Classics faces extinction
y Zoë Loh
MELBOURNE — The Classics Department at the University of Melbourne is threatened with massive cuts.
Consultation between the head of Classics, Tony Sagona, and staff has been minimal, and consultation with students non-existent. Specific measures on the agenda include the abolition of ancient languages at honours level, the abolition of beginners' languages and offering Latin and ancient Greek only in alternate years at the intermediate level.
Students intending to undertake honours studies will not be able to study texts in the original, and without honours level languages, graduates will not be qualified to teach. For prospective students, the proposed alternative to languages at beginners' level is to attend a fee-paying summer school. This is simply the introduction of fees by stealth.
Many language courses in Victoria are being cut, while there is a proposal that others will be taught by video link with other campuses. This system has already been tried and rejected by students. The cuts, if allowed to be implemented, will lead to a decline in student numbers, giving university administration the excuse to abolish Classics completely.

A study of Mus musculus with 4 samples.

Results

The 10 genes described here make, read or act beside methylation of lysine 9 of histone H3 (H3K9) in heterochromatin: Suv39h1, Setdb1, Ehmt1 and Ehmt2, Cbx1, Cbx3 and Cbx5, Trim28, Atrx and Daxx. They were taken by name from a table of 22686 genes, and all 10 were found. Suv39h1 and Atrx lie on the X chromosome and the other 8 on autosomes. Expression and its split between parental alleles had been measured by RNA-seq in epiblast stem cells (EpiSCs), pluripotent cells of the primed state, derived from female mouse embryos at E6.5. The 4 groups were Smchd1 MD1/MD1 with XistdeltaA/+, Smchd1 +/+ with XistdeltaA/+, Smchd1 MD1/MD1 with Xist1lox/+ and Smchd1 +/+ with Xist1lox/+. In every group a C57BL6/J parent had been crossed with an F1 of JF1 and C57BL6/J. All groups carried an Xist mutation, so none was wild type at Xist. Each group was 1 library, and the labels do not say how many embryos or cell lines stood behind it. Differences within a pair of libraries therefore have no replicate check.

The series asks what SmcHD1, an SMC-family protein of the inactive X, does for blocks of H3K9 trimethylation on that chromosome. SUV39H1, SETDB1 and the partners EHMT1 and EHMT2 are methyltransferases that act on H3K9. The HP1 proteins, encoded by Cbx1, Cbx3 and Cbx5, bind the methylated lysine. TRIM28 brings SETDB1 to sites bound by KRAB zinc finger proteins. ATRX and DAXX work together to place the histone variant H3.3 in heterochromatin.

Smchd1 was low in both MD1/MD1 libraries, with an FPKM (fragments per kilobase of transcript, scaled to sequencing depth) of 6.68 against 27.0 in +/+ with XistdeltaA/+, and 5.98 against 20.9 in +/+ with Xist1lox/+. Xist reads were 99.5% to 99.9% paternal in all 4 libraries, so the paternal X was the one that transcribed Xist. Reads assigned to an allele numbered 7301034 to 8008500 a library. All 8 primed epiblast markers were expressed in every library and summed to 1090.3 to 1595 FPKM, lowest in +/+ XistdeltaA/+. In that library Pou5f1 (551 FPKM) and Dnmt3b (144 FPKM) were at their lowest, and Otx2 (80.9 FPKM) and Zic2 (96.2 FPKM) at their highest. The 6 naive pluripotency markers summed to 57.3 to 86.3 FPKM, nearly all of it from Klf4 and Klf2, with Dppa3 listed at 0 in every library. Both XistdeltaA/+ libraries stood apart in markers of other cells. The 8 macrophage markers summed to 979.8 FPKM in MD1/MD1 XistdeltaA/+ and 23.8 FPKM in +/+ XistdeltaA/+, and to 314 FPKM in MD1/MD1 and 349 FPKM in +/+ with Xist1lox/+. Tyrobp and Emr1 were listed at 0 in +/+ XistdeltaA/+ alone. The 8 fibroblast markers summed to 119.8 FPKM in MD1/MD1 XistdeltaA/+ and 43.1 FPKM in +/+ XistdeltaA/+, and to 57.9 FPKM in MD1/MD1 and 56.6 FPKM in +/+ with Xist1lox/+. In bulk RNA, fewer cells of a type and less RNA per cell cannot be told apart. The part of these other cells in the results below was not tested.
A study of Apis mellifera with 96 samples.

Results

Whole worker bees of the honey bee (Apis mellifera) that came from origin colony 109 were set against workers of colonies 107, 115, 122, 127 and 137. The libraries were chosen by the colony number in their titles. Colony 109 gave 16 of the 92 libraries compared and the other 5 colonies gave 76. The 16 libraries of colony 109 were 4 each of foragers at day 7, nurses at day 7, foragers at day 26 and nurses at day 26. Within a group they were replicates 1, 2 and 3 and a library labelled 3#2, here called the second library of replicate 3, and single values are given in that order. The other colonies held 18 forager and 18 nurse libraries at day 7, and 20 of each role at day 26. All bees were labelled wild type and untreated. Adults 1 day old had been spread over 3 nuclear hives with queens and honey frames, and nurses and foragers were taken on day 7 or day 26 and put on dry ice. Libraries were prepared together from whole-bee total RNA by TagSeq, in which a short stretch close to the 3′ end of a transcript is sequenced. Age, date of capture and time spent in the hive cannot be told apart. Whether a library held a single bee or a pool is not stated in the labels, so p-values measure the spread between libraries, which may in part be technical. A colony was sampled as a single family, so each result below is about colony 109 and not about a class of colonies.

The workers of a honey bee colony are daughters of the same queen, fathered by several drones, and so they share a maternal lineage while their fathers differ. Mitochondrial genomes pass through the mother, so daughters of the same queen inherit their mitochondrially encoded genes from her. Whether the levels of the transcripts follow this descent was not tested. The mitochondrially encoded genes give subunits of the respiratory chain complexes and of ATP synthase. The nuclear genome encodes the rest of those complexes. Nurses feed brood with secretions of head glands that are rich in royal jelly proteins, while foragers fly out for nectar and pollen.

Any department that is not seen as lucrative is under threat. The university says that there is no money for Classics, yet lecture theatres are being refurbished in "valuable" departments like Economics and Commerce, car parks are being built and the VC still earns a huge salary.
Next week, students organised by the Education Action Group will meet with Sagona and the dean of arts, Homer LeGrand, to demand no cuts. A petition has been started, and academics from other Classics departments around the country have sent letters of support.
Contact Sam or Felicity on 9344 4808, or Alison on 9329 1320, for more information.